Shortlist for new InterCity East Coast rail services
Posted: 17 January 2014 | Department for Transport | 1 comment
The shortlist of bidders that will be invited to deliver proposals for improved services for passengers on the InterCity East Coast rail franchise was announced by the government…
The shortlist of bidders that will be invited to deliver proposals for improved services for passengers on the InterCity East Coast rail franchise was announced by the government today (17 January).
The companies that have successfully passed the Pre-Qualification Evaluation stage and can now start working on developing their plans for the franchise, before they receive the government’s Invitation to Tender are:
- East Coast Trains Ltd (First Group plc);
- Keolis/Eurostar East Coast Limited (Keolis (UK) Limited and Eurostar International Limited);
- Inter City Railways Limited (Stagecoach Transport Holdings Limited and Virgin Holdings Limited).
These potential operators will need to consider how they intend to use the latest high-tech trains, built in the UK by Agility, to deliver more passengers to more of the UK’s biggest cities faster and in greater comfort.
The government is expecting to see how the future operators will capitalise on the significant government investment along this route, including £240 million in infrastructure projects over the next five years to improve capacity and reduce journey times.
Rail Minister Stephen Hammond said:
“Giving passengers more will be at the heart of the new East Coast franchise. That means new services and journeys that are faster, more punctual and more comfortable. When these companies are developing their proposals they should be looking at ways to innovate and grow the service.
“We have embarked on one of the biggest programmes of rail investment ever, with over £35 billion being spent to enhance and run our rail network over the next five years. But for our railways to continue to grow we need strong private sector partners who can invest and innovate in ways that deliver a world class service.”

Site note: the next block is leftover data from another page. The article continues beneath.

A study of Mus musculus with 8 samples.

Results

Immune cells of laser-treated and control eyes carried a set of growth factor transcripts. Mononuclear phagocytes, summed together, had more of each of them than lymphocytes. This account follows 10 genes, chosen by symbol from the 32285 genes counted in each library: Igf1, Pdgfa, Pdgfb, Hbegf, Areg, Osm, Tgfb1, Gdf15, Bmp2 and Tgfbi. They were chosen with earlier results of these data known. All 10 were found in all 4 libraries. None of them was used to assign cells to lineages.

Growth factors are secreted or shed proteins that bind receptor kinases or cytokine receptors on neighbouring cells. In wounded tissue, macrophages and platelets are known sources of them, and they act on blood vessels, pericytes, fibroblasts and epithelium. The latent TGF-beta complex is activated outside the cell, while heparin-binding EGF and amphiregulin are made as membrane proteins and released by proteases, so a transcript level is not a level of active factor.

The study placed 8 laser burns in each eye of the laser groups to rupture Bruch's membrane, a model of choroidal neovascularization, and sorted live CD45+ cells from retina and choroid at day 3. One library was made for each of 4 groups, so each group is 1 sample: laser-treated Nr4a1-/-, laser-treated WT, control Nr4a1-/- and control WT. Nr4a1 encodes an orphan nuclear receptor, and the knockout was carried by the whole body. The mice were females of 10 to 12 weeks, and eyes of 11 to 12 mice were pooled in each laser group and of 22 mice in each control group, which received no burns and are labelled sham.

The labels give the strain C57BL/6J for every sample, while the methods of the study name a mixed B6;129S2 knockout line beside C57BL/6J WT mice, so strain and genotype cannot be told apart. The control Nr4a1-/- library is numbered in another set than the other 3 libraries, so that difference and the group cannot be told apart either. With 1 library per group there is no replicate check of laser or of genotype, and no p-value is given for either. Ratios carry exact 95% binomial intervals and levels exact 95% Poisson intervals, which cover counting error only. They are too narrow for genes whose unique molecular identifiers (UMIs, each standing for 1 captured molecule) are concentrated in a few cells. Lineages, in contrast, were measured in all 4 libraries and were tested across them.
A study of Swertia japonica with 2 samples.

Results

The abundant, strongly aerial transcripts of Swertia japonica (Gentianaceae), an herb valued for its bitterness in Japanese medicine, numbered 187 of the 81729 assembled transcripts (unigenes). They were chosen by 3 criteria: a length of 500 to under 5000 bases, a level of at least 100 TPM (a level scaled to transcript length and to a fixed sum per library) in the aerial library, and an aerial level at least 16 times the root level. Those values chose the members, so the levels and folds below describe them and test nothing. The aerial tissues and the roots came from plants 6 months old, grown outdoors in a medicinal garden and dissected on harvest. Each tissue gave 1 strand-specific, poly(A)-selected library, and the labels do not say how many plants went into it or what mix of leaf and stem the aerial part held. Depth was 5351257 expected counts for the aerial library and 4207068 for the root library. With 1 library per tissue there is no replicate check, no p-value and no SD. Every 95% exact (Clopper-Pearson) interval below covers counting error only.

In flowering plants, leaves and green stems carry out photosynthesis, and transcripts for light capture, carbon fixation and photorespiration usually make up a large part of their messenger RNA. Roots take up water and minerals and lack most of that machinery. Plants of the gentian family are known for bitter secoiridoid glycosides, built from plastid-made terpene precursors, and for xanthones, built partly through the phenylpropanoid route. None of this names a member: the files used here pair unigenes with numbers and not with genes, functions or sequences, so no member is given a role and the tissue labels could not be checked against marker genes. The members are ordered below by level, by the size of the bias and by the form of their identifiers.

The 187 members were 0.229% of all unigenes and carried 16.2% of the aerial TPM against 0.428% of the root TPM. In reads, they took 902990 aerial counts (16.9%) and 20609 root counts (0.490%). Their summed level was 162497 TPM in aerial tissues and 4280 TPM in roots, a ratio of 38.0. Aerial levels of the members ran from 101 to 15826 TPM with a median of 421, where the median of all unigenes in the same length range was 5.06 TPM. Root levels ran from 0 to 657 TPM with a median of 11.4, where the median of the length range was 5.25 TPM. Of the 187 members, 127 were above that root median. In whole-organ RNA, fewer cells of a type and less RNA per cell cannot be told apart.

Since rail services were privatised in 1993, the close cooperation between government and the train companies has heralded an unprecedented growth in the number of passengers.
While the East Coast franchise has been stabilised under government ownership since 2009, the route now needs a long term private sector operator to plan for the future and meet the increasing demands for more trains serving even more destinations.
When it started the franchise competition in October 2013 the government published the InterCity East Coast prospectus which set out the areas prospective bidders will need to consider when they start developing their proposals. These include:
- developing innovative timetables which build on the core train service requirement published by the Department for Transport (DfT);
- investment in innovative ways to transform the customer experience on trains and at stations;
- identifying further opportunities for investment along the route, particularly at stations;
- making the route and train operations more considerate of the environment;
- involving communities along the route in local decision making; and
- demonstrating how their proposals will support economic growth along the route.
To pass the rigorous Pre-Qualification Evaluation each of the bidders were asked to demonstrate that they have the financial strength, legal, operational and safety experience to run the franchise.
The DfT is planning to issue the Invitation to Tender at the end of February and the potential operators will then have at least three months to develop their bids, before the new services start in February 2015.
East Coast is one of the two main London to Scotland railways providing frequent services. It is an electrified 393 miles (632 kilometres) railway link between London, Peterborough, Doncaster, Leeds, York, Newcastle and Edinburgh.
It is one of the fastest conventional lines in the UK with most of the line being cleared for 125 miles per hour (200 kilometres per hour) operation. Non-electrified line extends further north into Scotland from Edinburgh to Inverness and Aberdeen. The services meet demand for business travel, particularly between Edinburgh, Newcastle, York, Leeds and London, leisure travel to a variety of destinations and commuter journeys, primarily between Newark, Grantham, Peterborough and London.